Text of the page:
The new year promises to bring plenty of new changes to a host of coding and billing areas, though some are more obvious than others. For practices that perform procedures, the Centers for Medicare and Medicaid Services (CMS) are slowly investigating and making changes to 10-day global periods and 90-day global periods. According to a lesser-known section of the Medicare Access & CHIP Reauthorization Act (MACRA), CMS is actually required to “develop and implement a process to gather and analyze the necessary data on pre- and post-operative visits and other services furnished during global surgical periods other than the surgical procedure itself.”
In response, CMS spent much of 2017 collecting data regarding global periods. For the latter half of the year, CMS mandated that any practice containing ten or more physicians would have to report a specific CPT code along with any postoperative visit that occurred during the global period of a procedure. While this code did not affect payment in any way, it did allow CMS to see how many practices were actually following through with postoperative visits.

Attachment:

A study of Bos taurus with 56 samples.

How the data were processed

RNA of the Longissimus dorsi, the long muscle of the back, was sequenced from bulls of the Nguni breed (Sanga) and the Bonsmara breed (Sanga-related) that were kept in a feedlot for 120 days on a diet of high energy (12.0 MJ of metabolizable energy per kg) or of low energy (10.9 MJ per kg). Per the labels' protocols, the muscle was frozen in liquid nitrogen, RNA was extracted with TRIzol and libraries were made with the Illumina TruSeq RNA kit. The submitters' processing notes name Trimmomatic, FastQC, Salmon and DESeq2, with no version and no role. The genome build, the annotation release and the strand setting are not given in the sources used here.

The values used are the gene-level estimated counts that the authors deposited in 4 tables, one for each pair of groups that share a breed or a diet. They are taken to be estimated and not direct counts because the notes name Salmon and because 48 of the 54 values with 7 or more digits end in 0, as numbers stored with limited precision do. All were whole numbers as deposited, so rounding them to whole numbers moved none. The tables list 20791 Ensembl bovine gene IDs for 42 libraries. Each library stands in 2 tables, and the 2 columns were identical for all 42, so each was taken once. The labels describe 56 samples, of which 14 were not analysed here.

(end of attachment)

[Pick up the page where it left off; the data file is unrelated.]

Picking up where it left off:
The results showed that 67% of procedures with 90-day global periods had a postop visit, while only 4% of procedures with 10-day global periods did the same. In order to narrow the margin of error caused by providers who performed postoperative visits but did not code them, CMS reviewed a smaller group with a history of consistent code reporting and determined that the percentages rose to 87% (90-day period) and 16% (10-day period).
While no official plans have been announced, many suspect that CMS’s findings will result in dramatically lowered or even discontinued reimbursement for postoperative visits after 10-day global periods, as the data shows that many physicians never even schedule these encounters. If you work for a practice that routinely performs these types of procedures, be sure to keep your eyes open for any payment changes that may come in the future.